Clarke Peters doesn’t appear in the official Darren Bell rehearsal photo set for How To Succeed in Business Without Really Trying which might explain why he fluffed so many times, lost his place in the script and kept laughing at the other actors’ gags – maybe he hadn’t heard them before? Whatever the reason, playing J B Biggley the head of the firm up whose greasy pole Jonathan Groff’s J. Pierrepont Finch is determined to climb, it was pretty unforgiveable.

Learning Hannah Waddingham was cast in this concert version, I automatically assumed she’d be Biggley’s secretary, the powerful fixer Miss Jones and give full voice to the top line in Brotherhood of Man covered so magnificently by Ellen Harvey in the recent Daniel Radcliffe Broadway version (video). But ingeniously, and perhaps because this was as much for radio posterity as stage on the night, she’s Hedy La Rue the ex-nightclub cigarette girl who climbs J B’s pole in an altogether different way. She is, of course, outstanding but has to work three times as hard to get the laughs because of playing opposite such an ill-prepared Peters.

Which leaves Anna-Jane Casey delivering a pert Jonesy with a bright but lost-under-the-band coloratura and a dragging limp as though she were auditioning for House. The character doesn’t have a limp because Harvey tapped and sashayed her way through the Broadway show, so maybe Casey has already sustained an injury from Tapping Her Troubles Away in rehearsals for Mack and Mabel in Chichester?

Groff made a charming host and sang elegantly, although possibly he’s too ‘nice’ for Ponty, and although not at all a conventional ‘June Cleaver’ portrayal, Cynthia Erivo’s voice gave new nuances to the role of Rosemary and some actual chemistry to the romance. Great support also from Amy Ellen Richardson as her water cooler co-conspirator Smitty, Nic Colicos vocally the best of the businessmen, and intermittently from Ashley Robinson as Biggley’s vile nephew Bud Frump who seemed way out of sync with the rest of the cast and in a much funnier show of his own.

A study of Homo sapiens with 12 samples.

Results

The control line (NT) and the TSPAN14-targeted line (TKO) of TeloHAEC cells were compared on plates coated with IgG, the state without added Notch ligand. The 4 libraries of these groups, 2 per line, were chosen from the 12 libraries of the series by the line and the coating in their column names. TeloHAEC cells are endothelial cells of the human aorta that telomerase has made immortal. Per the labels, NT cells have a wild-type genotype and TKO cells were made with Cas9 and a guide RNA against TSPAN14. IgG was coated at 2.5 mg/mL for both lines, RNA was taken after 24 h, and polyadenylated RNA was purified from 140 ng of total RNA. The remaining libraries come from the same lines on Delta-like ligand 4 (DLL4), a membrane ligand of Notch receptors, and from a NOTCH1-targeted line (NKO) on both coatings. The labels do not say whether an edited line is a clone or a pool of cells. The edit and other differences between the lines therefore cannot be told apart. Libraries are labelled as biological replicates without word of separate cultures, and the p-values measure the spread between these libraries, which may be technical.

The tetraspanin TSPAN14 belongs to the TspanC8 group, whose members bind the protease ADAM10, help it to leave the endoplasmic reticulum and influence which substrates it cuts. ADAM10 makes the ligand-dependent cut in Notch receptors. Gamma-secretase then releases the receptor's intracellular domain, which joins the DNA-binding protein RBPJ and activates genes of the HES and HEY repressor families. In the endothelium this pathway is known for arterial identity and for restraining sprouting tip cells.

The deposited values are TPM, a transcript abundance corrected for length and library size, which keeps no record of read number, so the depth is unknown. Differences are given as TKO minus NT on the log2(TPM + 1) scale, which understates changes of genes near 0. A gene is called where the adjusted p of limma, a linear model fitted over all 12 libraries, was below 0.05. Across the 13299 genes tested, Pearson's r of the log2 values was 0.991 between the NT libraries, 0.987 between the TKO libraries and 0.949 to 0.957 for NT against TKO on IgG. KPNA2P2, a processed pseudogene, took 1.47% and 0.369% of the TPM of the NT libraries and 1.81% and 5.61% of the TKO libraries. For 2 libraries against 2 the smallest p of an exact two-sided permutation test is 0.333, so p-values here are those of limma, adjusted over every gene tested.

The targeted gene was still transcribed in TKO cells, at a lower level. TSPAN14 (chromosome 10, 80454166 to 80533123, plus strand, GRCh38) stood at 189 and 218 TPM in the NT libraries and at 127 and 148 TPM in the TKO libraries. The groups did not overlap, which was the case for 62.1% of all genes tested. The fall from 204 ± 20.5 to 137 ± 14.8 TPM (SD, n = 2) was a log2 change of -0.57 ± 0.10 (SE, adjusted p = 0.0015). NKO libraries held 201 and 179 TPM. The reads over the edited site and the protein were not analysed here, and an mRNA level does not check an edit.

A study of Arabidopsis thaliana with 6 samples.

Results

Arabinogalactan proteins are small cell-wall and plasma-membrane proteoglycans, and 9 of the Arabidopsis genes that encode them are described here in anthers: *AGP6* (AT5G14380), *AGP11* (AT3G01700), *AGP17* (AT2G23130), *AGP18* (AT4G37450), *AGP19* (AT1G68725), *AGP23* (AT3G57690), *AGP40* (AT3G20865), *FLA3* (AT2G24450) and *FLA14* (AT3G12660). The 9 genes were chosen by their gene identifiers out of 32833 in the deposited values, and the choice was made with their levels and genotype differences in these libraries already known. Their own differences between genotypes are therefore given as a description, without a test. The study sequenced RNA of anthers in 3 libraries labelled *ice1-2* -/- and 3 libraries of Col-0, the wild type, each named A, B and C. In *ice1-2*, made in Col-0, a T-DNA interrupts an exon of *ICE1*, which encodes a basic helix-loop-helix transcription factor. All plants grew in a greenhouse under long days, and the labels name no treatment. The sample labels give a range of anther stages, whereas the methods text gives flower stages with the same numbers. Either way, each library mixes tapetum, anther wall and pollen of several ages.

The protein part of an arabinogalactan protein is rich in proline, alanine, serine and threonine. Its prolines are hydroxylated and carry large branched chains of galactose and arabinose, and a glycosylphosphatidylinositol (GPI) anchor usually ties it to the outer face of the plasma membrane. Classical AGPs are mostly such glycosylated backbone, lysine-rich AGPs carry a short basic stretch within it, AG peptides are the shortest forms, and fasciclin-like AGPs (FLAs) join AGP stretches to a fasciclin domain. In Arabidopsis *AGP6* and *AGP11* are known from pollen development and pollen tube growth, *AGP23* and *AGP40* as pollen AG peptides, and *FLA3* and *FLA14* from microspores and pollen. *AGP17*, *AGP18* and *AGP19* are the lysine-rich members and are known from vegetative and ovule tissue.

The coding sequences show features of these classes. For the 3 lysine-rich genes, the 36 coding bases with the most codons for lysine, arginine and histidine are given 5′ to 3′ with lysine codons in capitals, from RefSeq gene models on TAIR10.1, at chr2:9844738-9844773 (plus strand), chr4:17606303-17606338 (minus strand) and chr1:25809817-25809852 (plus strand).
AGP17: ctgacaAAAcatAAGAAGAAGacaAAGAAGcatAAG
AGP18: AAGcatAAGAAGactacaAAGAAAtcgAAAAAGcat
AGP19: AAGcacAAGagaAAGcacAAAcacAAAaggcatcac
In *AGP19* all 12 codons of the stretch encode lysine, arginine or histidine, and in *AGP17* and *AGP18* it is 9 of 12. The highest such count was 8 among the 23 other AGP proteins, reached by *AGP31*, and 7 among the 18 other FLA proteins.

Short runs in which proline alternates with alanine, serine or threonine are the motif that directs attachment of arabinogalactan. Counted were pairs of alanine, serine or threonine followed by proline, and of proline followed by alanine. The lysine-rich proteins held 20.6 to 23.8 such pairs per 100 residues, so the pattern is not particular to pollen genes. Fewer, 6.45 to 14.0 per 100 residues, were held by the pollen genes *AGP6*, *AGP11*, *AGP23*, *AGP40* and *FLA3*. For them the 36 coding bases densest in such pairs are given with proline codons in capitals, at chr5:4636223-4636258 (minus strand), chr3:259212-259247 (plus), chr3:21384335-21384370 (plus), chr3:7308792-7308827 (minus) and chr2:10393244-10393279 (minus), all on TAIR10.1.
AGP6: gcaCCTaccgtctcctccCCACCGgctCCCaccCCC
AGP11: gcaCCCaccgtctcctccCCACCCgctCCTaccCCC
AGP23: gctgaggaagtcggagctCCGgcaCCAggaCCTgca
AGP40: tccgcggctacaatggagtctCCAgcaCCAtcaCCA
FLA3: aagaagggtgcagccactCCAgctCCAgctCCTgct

How to Succeed (1967) is, like Promises Promises (1968), a strange ‘office’ show from an era whose manners and mores are out of step with our own: who would now consider a musical where the men treat secretaries as toys, the clock-punching and coffee breaking is more formalized than Made in Dagenham, and the heroine’s ambition is to stay home and keep dinner warm for her man?   What made anyone revive them on Broadway?

I blame ‘Mad Men’.

Without the Mad Men visuals and stripped of any choreography, this isn’t the easiest three hours – amazingly twenty minutes longer than the Broadway production – and the ‘soggy middle’ between the bright start of Ponty’s ascent through the company and the rip-roaring ‘Brotherhood of Man’ finale, there’s considerable tedium due to some pretty bland orchestrations, numbers which really need full staging to bring out their best, and Mike Dixon‘s failure to lash the Royal Philharmonic Concert Orchestra to the more jazzed pace they could easily achieve.

How to Succeed was so under-sold the Festival Hall had a separate collection desk for the 50% off Time Out tickets. Don’t hold out much hope for the same production team’s even more arcane Of Thee I Sing due at the RFH in July.